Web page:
Friday, September 3, 2010

On the Strip




He's still got the leopard print fly-mask. At least he really likes it when I put it on him.

It is only September 3rd, but it is already feeling like fall is here. Today was windy, cloudy, and quite cool. This is fine by me, as fall is probably my favorite season. And it is the season where I first got really interested in riding, so I'm very excited for this fall.

Today Bear walked out of the pasture with me, and he didn't stop once. He was never bad about it, but he often dawdled. I think this is a good sign that he's getting used to me being his guy.

Inside he was falling asleep for the grooming and tacking again. With the cooler weather I thought he might have a bit more energy, but not today.

My initial plan was to have an easy ride inside. The wind can be annoying, and my foot has been bothering me, so I didn't want to ride too hard. But there was a lesson going on. So Bear and I walked outside and checked out the strip.

The strip is a quarter mile long stretch of grass with a few hills in it. It also follows the fenceline of the pasture. Last time I tried to ride Bear outside alone he wasn't happy about it, so I thought being near his buddies might make it OK.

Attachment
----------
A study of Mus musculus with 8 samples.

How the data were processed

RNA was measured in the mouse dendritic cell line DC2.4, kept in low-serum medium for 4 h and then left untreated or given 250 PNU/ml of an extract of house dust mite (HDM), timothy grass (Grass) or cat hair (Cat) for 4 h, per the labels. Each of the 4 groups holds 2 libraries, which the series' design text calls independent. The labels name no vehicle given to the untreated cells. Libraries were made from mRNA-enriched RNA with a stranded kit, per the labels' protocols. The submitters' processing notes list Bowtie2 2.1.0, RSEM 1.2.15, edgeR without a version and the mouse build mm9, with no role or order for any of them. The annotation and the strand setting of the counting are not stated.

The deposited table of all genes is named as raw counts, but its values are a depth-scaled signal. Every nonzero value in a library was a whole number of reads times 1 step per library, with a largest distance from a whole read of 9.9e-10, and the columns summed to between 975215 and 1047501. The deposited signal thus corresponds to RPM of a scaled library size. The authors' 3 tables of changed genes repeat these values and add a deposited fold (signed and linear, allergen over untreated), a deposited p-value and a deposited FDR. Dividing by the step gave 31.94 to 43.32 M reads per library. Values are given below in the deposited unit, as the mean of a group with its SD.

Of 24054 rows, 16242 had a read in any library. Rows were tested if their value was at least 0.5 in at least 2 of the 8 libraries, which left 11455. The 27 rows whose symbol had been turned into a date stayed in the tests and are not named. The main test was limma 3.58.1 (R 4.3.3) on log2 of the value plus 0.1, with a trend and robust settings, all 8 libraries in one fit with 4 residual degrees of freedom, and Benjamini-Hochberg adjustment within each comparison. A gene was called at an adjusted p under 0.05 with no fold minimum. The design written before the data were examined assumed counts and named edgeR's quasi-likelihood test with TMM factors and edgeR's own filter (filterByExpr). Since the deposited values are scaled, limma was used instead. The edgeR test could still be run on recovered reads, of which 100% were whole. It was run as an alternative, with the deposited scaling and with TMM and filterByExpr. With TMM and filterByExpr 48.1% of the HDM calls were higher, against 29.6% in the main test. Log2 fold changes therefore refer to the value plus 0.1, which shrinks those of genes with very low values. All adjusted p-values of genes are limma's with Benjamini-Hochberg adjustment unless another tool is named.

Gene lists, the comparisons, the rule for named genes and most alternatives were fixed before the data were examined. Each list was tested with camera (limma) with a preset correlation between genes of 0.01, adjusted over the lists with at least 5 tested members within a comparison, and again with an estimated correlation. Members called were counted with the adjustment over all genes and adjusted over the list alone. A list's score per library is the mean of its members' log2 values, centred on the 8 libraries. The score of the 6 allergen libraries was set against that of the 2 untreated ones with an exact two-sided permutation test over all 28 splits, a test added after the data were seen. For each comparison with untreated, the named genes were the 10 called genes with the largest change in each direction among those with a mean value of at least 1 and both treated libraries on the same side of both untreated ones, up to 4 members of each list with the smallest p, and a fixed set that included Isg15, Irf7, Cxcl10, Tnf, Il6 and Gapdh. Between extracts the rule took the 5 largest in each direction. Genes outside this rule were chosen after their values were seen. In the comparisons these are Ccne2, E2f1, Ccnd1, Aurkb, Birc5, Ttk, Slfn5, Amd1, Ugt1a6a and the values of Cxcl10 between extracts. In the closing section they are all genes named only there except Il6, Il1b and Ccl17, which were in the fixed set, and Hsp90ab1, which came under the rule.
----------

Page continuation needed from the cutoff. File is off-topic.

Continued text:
It did. He mostly followed the fenceline like a pro. Oddly enough, he was worse about walking back in the direction of the barn. And we were almost always still near the herd when he would have his little attempt at changing our direction. Thankfully they were pretty half-hearted, so I got to work on directing him and acting before he thought about turning.

It was great practice. Bear was certainly bored, but I got to pick where we went, and it wasn't taxing for either of us.

After the ride I groomed him again and tried to give him my apple core. He was not into that at all. So I have a semi-tubby horse that likes neither carrots nor apples. This surprises me a bit.

2 comments:

  1. I don't actually think carrots and apples are all that fattening. But, if you want Bear to eat them, you can try cutting up the apple/carrot and giving him a small piece (small enough that it's not immediately obvious) with a handful of grain. Or coat the apple/carrot piece in molasses, if he likes that.

    My horses didn't eat carrots when I first got them, they didn't know what the were. But now they're carrot addicts. Sometimes I think horses are like little kids when it comes to new foods. They don't want to try anything new, but if you can convince them to try it, they'll find out they like it.


    Perhaps he will in time. But I don't think I'll work too hard at it. For the time being I can make him happy in other ways. And besides, I don't want a treat monster on my hands.